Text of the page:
MILWAUKEE -- Wednesday, January 13th may be the pinnacle of the Powerball hysteria. (Unless, of course, no one wins.) The next drawing is at 9:59 p.m. -- and there will probably be at least one winner for the record-shattering $1.5 billion jackpot that's up for grabs. Plenty of folks were picking up tickets on Wednesday -- and dreaming of what they'd do with the winnings.
"I'm a spend for awhile, for a little while," Darryl Howard said.
"Take care of family, some friends, and retire at age 50," Dave Tuszynski said.
"I want to open up a shelter home, with a work program," Anthony Jones said.
We're all thinking about what we would do with all that money should we win the Powerball -- but what about what we SHOULD do?
"I'd probably hire a good tax accountant," Jim Nehring said.
"I've managed a couple of lottery winners' money," Deanne Phillips with Annex Wealth Management said.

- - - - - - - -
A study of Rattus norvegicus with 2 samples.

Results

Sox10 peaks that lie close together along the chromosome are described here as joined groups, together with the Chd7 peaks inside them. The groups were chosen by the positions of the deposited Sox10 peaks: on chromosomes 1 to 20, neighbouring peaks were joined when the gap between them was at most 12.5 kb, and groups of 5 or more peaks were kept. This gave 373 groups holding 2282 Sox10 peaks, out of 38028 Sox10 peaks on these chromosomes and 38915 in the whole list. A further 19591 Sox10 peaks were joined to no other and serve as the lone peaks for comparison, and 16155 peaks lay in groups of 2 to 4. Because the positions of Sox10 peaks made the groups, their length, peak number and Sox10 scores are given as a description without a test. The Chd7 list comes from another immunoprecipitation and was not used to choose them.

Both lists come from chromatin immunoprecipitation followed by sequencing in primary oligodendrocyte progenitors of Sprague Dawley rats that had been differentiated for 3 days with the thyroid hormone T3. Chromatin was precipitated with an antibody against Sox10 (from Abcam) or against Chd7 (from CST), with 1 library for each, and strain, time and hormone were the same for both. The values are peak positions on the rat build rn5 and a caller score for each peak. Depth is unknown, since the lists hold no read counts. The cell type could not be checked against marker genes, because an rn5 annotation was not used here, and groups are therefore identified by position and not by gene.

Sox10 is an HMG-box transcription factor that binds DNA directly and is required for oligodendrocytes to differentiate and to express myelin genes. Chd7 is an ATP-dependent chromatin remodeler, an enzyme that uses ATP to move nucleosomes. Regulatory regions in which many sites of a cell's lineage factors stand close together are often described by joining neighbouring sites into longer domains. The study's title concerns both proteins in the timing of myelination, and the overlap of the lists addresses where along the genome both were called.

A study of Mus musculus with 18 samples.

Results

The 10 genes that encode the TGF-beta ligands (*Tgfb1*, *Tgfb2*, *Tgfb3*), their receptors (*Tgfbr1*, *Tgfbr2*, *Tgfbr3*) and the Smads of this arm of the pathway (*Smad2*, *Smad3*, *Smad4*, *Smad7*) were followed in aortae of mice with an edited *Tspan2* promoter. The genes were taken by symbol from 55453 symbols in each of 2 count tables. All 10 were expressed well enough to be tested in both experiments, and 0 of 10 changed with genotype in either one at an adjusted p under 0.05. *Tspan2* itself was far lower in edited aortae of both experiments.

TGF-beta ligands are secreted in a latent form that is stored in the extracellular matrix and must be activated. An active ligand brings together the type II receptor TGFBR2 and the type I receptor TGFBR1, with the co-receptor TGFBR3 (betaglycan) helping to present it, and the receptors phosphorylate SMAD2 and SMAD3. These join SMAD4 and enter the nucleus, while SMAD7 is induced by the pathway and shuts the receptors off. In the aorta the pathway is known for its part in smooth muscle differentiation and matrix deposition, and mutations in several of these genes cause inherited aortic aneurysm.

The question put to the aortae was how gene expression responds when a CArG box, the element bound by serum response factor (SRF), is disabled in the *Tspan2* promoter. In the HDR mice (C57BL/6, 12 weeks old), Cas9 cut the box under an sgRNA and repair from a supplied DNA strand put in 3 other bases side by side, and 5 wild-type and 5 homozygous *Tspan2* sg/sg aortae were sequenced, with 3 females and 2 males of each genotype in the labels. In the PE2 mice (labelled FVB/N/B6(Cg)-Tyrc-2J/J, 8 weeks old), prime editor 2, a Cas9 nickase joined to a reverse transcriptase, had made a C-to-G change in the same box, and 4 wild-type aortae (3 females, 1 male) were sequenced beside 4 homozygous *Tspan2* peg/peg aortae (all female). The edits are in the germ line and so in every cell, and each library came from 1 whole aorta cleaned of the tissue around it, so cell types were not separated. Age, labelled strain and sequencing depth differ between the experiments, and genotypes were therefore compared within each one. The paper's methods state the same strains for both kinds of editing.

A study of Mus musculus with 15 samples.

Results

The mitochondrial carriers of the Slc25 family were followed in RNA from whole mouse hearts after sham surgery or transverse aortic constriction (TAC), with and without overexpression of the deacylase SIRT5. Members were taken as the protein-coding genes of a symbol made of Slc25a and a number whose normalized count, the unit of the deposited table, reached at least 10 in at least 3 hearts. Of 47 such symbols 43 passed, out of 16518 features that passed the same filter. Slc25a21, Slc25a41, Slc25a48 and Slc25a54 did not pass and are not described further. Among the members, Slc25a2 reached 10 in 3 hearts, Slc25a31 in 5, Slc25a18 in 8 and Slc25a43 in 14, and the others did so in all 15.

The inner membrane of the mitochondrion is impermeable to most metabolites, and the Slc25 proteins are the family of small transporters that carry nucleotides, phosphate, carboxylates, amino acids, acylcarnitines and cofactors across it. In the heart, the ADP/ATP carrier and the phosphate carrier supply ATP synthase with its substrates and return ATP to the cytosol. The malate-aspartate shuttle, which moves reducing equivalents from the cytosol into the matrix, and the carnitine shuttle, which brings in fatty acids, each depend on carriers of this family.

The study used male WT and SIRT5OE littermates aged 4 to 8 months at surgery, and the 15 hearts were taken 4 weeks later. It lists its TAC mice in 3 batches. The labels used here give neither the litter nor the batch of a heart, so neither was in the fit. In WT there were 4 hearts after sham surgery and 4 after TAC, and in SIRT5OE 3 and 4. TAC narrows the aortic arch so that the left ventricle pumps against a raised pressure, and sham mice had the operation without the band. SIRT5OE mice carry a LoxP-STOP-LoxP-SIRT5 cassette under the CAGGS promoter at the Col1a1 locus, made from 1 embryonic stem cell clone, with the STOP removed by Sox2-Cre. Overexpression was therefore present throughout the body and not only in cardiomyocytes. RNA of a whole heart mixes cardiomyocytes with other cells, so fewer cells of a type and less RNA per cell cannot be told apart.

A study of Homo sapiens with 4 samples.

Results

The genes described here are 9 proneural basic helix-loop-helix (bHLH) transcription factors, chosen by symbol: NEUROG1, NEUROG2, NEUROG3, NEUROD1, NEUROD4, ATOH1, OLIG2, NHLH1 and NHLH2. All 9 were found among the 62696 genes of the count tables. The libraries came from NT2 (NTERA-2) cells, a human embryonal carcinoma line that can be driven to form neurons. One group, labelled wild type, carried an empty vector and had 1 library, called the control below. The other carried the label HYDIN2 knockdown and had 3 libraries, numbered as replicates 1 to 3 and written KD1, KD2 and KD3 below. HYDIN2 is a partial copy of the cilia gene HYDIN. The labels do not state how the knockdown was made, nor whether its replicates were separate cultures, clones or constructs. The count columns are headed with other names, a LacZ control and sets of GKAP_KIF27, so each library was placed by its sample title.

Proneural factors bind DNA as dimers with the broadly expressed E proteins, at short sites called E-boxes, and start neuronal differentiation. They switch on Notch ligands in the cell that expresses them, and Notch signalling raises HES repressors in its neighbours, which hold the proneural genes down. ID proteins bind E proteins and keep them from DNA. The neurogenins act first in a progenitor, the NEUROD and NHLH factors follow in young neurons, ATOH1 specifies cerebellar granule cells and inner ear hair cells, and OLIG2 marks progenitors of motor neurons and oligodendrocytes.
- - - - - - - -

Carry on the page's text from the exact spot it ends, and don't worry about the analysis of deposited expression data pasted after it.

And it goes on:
Phillips offers the following suggestion for anyone who may be overwhelmed following a big jackpot win:
"You stop and you breathe and you just let the dust settle a little bit," Phillips said.
Then, once you've calmed down a bit, Phillips says the first order of business should involve signing the back of your ticket -- making photocopies of it, and putting the original ticket in the safest storage space you can find.
Then, Phillips says you should make an effort to protect yourself -- by identifying a trusted advisor.
"Who you trust, who can trust you, who should be a fiduciary. They act in your best interest. They can help you get your arms around everything," Phillips said. "I always say if you fail to plan, you plan to fail."
Phillips suggest you organize a team of people who are savvy with taxes, investments and estate planning. And it also wouldn't be a bad idea to reach out to a behavioral finance specialist or counselor.
"It's money counseling. Someone who can sit with you and really sort out what your priorities are," Phillips said.
Phillips suggest waiting at least a couple of weeks until all the hype surrounding this drawing has settled somewhat. She also says winners are not allowed to remain anonymous in Wisconsin.